In her fourth book, This Changes Everything, Canadian sociopolitical powerhouse Naomi Klein takes on contemporary paradigms related to climate catastrophe and our contributions to it.

The crux of Klein's argument is that under prevailing global (but especially Western) ideologies, nothing significant (or sufficiently substantial) is being done to address...

(The entire section contains 411 words.)


The crux of Klein's argument is that under prevailing global (but especially Western) ideologies, nothing significant (or sufficiently substantial) is being done to address the climate crisis. Indeed, nothing can be done unless we drastically alter our economic systems. The systems in question are named variously as unfettered capitalism, corporatism, neoliberal market fundamentalism, and free-market neoconservatism. These terms are broadly synonymous and refer to the current fundamental economic belief underpinning global economic behavior, which is twofold: markets rule, and markets will save us.

As such, this is not so much a book about environmental disaster—though that is the current topic—as it is about capitalism.

Klein investigates a plethora of ongoing actions being carried out by corporations around the world in the name of profit. She visits and explores the issues surrounding the Alberta Tar Sands, located in her home country. Despite being told repeatedly that the markets will save us from cataclysm and that society would not function without free markets, Klein posits that, in fact, it is those very markets that are plunging the world into climate chaos. In this way, she explores and exposes the lies and disinformation that are constantly disseminated by large corporations in order to subdue and win over the general public.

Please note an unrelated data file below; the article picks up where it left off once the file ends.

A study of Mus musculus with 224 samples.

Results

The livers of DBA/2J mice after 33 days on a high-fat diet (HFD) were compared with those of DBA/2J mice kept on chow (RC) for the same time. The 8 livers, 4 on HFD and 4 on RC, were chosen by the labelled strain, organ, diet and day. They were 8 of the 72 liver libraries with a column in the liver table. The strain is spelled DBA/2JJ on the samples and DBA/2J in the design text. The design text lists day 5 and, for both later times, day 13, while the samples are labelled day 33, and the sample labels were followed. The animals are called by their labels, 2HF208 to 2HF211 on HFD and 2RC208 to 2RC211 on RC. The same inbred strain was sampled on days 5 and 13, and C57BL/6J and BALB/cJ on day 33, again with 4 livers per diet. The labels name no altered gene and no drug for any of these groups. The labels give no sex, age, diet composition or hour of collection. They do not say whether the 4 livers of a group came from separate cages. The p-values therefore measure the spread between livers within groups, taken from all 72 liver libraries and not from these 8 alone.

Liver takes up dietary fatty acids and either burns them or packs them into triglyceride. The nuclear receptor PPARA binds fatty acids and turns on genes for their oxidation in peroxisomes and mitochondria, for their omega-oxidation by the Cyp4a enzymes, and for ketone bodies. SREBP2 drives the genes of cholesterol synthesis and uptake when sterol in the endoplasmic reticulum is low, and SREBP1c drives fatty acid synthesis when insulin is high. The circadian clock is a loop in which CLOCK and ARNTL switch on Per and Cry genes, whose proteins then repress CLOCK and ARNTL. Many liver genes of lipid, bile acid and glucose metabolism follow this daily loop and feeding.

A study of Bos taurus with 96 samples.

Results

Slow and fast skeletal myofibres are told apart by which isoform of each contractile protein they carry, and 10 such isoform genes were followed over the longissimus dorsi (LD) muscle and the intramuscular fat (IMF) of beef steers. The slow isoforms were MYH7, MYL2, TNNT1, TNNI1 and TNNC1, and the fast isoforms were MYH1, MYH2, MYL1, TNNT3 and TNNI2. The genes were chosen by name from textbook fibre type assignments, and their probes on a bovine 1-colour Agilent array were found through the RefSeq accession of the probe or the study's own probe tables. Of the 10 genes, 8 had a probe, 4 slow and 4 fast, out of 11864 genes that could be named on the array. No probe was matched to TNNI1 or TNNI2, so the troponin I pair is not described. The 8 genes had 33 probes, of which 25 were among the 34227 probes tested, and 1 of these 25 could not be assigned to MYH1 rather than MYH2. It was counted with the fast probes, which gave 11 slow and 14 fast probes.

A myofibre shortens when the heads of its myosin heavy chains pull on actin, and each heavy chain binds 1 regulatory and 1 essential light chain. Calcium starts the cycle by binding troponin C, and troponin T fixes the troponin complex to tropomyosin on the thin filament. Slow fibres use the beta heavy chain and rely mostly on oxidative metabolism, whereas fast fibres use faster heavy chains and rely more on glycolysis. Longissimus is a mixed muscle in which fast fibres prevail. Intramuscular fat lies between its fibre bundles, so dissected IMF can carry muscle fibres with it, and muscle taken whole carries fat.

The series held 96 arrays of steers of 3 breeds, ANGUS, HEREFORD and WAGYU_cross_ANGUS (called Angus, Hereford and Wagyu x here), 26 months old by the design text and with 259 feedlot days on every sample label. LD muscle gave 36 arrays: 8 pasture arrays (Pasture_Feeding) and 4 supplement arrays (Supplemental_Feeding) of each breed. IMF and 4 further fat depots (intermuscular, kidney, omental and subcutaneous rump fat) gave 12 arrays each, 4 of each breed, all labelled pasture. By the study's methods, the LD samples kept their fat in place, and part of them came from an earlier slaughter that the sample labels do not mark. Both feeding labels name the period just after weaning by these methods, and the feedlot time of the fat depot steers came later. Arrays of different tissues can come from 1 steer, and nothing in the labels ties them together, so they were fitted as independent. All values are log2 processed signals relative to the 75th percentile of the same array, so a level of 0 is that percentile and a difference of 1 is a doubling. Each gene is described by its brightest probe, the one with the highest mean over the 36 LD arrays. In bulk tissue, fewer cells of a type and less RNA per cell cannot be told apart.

Klein celebrates grassroots actions, like those of the thousands of individuals who protested the Keystone oil pipeline system in Canada and the United States.

After analyzing the global and national trends which pertain to the themes of capitalism and ecology, Klein provides an overview of actions being taken in order to preserve and conserve our climate. This latter part of the book highlights, again, the inefficacy of such gestures. Klein's discussion of geo-engineering, for example, is critical; her stance is that we are allowing the safety of our planet to fall into the hands of budding entrepreneurs. Engineers and political figures are putting our collective fates in the hands of capitalists, whose motivations exist in the form of banknotes. Instead, she argues, we should work toward a shift in consciousness from exploitative to harmonious.

At its core, This Changes Everything is a critique of capitalism through the lens of ecological disaster. While it explores the reasons to panic in depth, it also outlines some of the things we, as a species, can do to save the planet.